Wednesday, April 7, 2010 • Posted April 7, 2010

The U.S. Fish and Wildlife Service (Service) will hold five scoping meetings to gather public comment as it prepares a draft environmental impact statement (EIS) that relates to potential impacts to endangered species habitat that may occur in connection with construction and operation of new transmission lines the LCRA Transmission Services Corporation (LCRA TSC) plans to build in parts of West and Central Texas. The lines are part of Texas’ Competitive Renewable Energy Zones (CREZ) program to transmit wind power generated in West Texas and the Panhandle to more populated areas.

The scope of the EIS may include portions of Tom Green, Schleicher, Sutton, Mason, Menard, Kimble, Kerr, Kendall, Irion, Gillespie, Llano, Burnet, San Saba and Lampasas counties.

Here is a list of the meetings:

• Monday, April 19: SAN ANGELO

6:30 to 8:30 p.m.

La Quinta Inn and Suites - San Angelo Room

2307 Loop 306

San Angelo, Texas 76904

• Wednesday, April 21: COMFORT

6:30 to 8:30 p.m.

Comfort Park Pavilion

427 Main Street

Comfort, Texas 78013

• Thursday, April 22: JUNCTION

6:30 to 8:30 p.m.

Coke R. Stevenson Memorial Center

440 North US Hwy 83

Junction, Texas 76849

• Monday, April 26: LAMPASAS

6:30 to 8:30 p.m.

Holiday House

908 East Fourth Street

Lampasas, Texas 76550

• Tuesday, April 27: FREDERICKSBURG

6:30 to 8:30 p.m.

Pioneer Pavilion

432 Lady Bird Drive

Fredericksburg, Texas 78624

The primary purpose of the scoping meetings is to receive suggestions and information on the scope of issues and alternatives to consider when drafting the EIS, and to identify significant issues related to the Service’s potential issuance to LCRA TSC of a Section 10(a) incidental take permit under the Endangered Species Act.

The Service will accept both written and oral comments at the scoping meetings.

Staff from the Service will be present at the meetings, and court reporters will collect public comment. Comment forms also will be available at the meetings. The Service must receive any written comments by close of business on June 17, 2010.

Send written comments to Field Supervisor, Austin Ecological Services Field Office, U.S. Fish and Wildlife Service, 10711 Burnet Road, Suite 200, Austin, Texas 78758-4460; or fax (512) 490-0974; or e-mail Note that your comments concern the LCRA TSC draft EIS.

The official notice of the scoping meetings and public comment period appeared in the Federal Register on March 19, 2010, and may be found by visiting or at 75 Federal Register 13299.

LCRA TSC was awarded four CREZ "priority projects" by the Texas Public Utility Commission (PUC) and currently has two of those priority projects – the Gillespie to Newton Project and the Twin Buttes to McCamey D Project — pending at the PUC. The two other priority projects (i.e., the McCamey D to Kendall Project and the Kendall to Gillespie Project) will be filed together in a single request for certification at the PUC on July 6, 2010. The Service’s EIS is not being prepared in connection with the PUC filings. Rather, the Service will prepare an EIS in connection with LCRA TSC’s application for an incidental take permit covering the golden-cheeked warbler, black-capped vireo, and potentially other federally-listed species. The federal EIS to be prepared by the Service will include all of the area involved with all of LCRA TSC’s priority lines.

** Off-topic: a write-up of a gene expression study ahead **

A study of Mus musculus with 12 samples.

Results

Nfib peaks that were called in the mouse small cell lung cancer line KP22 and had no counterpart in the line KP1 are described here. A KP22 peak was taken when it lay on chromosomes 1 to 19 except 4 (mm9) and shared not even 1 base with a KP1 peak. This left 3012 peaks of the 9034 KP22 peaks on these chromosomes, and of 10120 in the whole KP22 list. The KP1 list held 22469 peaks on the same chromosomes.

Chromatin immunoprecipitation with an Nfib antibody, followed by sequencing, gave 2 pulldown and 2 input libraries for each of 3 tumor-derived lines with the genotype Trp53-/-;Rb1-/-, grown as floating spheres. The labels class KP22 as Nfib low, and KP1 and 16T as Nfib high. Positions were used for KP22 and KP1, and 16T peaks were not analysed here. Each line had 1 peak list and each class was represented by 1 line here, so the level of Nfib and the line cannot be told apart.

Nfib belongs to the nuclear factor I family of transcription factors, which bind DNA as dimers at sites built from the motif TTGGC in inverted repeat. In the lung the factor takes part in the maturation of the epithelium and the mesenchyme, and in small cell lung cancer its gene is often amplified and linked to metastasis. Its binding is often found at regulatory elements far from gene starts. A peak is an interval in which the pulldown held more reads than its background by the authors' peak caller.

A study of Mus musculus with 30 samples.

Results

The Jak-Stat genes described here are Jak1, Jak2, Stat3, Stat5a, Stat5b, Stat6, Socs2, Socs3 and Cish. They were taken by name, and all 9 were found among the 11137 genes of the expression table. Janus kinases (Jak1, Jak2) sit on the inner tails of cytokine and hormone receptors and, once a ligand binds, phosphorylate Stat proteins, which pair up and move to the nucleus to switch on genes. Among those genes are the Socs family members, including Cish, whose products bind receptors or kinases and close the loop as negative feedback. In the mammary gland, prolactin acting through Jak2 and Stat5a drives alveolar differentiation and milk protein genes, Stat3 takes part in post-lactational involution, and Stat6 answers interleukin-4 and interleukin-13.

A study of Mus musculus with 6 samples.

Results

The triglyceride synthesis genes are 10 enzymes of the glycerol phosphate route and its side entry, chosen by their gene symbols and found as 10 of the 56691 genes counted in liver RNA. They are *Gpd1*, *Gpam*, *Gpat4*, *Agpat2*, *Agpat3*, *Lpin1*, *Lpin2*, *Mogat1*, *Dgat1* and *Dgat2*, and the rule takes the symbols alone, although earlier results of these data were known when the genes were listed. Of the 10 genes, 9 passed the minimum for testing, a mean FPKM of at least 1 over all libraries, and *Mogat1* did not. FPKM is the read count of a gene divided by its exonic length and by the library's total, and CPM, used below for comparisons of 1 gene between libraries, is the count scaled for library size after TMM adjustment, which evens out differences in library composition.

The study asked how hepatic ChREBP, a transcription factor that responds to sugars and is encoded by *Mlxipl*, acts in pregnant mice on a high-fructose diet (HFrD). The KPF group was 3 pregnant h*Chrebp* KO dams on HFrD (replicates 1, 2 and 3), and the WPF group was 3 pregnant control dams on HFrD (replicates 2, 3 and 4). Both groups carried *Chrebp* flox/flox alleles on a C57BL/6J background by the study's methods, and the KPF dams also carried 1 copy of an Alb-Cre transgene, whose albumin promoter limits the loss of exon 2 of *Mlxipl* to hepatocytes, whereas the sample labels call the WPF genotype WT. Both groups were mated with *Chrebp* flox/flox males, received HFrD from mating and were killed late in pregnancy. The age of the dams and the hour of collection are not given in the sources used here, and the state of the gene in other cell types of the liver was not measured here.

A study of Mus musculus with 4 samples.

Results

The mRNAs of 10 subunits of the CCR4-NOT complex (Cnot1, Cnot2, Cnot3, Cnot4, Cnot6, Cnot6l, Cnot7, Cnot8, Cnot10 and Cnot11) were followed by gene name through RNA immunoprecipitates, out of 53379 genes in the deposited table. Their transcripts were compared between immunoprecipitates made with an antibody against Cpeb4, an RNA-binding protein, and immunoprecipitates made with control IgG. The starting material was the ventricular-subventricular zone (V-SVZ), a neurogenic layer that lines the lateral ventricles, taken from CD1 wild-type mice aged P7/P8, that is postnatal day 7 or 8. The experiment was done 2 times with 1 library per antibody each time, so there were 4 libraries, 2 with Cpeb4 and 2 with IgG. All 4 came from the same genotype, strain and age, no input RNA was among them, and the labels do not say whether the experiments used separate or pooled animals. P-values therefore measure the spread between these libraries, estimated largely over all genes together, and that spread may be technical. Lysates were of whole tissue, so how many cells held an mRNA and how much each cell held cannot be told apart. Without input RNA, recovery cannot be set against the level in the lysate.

Since May 2009, LCRA TSC has held 18 public open houses on the projects as part of the public participation phase of the PUC’s certification process. More than 3,500 people attended those meetings to give information and to learn about the projects.

As ordered by the PUC, LCRA TSC will build, own, and operate about 600 miles of new and rebuilt existing transmission lines and facilities that will total about $700 million in costs, according to PUC estimates. This is part of a greater estimated $4.9 billion program intended to transmit power produced from wind generators in areas of West Texas and the Panhandle to areas of high energy demand throughout the state.

For more information on line routing, study area maps and more about LCRA TSC’s CREZ-related projects, see


LCRA Transmission Services Corporation is a nonprofit corporation created by LCRA to build, own, and operate transmission lines and related facilities throughout Texas. LCRA TSC owns and leases about 4,400 miles of transmission lines and other facilities that are part of the state’s electric grid. LCRA TSC pays local and state taxes.

About LCRA

The Lower Colorado River Authority (LCRA) is a nonprofit conservation and reclamation district that provides energy, water, and community services to Texans. Created by the Texas Legislature in 1934, LCRA has no taxing authority and operates solely on utility revenues and service fees. LCRA supplies electricity to more than 1.1 million Texans through more than 40 wholesale customers. LCRA also provides many other services in the region. These services include managing floods, protecting the quality of the lower Colorado River and its tributaries, providing parks and recreational facilities, offering economic development assistance, operating water and wastewater utilities, and providing soil, energy, and water conservation programs.